Difference Between Absorption and Adsorption

Absorption vs. Adsorption: What is the Difference?

The Basics of Absorption

Absorption is a physical and chemical phenomenon in which or atoms, molecules, or ions enter or get trapped in a solid or liquid material. Unlike adsorption, the atoms, molecules, or ions are taken up by the volume and not by the surface.

There are two types of absorption: chemical or reactive and physical or nonreactive. The former results from a chemical reaction between the absorbed and the absorbing material. Take note that some of these chemical reactions include physical absorption.

On the other hand, physical absorption is a nonreactive type that includes hydrophilic solids that can readily absorb liquid, such as in the case of a cloth soaked in water, and a process called moisture regain in which a material naturally regains water, such as in the case of plant fibers.

The Basics of Adsorption

Adsorption involves atoms, molecules, or ions binding to the surface of another compound due to either a physical or chemical mechanism. Hence, instead of entering inside the compound or getting absorbed, they attach or adhere to the surface.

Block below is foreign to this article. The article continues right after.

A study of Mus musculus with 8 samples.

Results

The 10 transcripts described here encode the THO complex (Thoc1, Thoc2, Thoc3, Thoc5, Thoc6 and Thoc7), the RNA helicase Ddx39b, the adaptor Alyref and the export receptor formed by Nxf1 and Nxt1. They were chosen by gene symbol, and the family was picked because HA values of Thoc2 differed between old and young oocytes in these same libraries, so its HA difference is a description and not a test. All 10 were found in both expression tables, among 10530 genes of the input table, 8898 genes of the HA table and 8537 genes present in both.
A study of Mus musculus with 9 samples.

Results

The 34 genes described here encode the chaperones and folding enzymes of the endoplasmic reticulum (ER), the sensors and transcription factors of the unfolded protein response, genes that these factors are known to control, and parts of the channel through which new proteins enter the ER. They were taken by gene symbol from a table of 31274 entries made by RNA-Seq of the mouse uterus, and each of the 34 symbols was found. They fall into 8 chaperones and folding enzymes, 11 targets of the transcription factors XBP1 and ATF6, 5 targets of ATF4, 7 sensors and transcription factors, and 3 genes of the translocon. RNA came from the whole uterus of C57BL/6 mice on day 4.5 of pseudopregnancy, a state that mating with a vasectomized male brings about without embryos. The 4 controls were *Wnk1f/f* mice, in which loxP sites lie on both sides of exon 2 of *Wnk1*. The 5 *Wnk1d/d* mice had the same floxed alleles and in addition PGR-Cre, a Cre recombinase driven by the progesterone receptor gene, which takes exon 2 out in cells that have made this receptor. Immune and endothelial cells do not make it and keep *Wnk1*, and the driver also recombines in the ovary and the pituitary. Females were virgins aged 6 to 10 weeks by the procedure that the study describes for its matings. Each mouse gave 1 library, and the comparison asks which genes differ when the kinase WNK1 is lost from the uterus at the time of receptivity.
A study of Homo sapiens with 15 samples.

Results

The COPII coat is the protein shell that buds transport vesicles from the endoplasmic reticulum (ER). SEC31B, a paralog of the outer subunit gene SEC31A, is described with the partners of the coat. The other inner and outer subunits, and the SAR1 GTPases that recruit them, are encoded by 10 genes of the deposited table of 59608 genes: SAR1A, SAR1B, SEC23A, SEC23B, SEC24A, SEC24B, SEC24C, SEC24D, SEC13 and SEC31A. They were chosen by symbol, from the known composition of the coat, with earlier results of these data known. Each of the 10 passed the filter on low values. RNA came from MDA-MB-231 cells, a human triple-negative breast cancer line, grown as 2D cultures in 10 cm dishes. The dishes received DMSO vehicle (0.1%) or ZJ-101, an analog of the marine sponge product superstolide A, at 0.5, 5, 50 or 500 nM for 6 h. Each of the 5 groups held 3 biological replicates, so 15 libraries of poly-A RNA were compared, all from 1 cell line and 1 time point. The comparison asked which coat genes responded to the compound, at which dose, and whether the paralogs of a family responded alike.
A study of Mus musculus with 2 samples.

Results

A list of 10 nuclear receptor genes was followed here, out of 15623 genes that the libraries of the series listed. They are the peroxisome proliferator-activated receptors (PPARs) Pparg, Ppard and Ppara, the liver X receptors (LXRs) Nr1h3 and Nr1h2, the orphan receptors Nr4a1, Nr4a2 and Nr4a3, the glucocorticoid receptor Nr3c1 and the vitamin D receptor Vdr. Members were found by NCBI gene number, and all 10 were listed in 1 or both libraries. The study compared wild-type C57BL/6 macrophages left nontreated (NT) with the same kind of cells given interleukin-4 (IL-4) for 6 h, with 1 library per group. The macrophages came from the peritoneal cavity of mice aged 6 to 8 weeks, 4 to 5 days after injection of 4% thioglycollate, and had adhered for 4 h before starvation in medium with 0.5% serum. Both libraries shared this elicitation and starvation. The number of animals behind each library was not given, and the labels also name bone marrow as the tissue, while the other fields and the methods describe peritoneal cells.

There are two types of adsorption: physisorption and chemisorption. The fundamental force behind physisorption is the Van der Waals force, which is a weak and short-range electrostatic attractive force between uncharged molecules. The property of activated carbon exemplifies physisorption.

Meanwhile, chemisorption involves a chemical reaction between a surface or adsorbent and the adsorbate that result in covalent bonding. Thus, new chemical bonds are created at the surface of the adsorbent. Corrosion is a prime example of chemisorption.

Summary: The Difference Between Absorption and Adsorption

The difference between absorption and adsorption is straightforward. Absorption is the incorporation of a material or substance in one state into another material or substance of a different state. Adsorption is the physical adherence of molecules or ions onto the surface of another compound. Both phenomena, along with ion exchange, fall under the general process called sorption.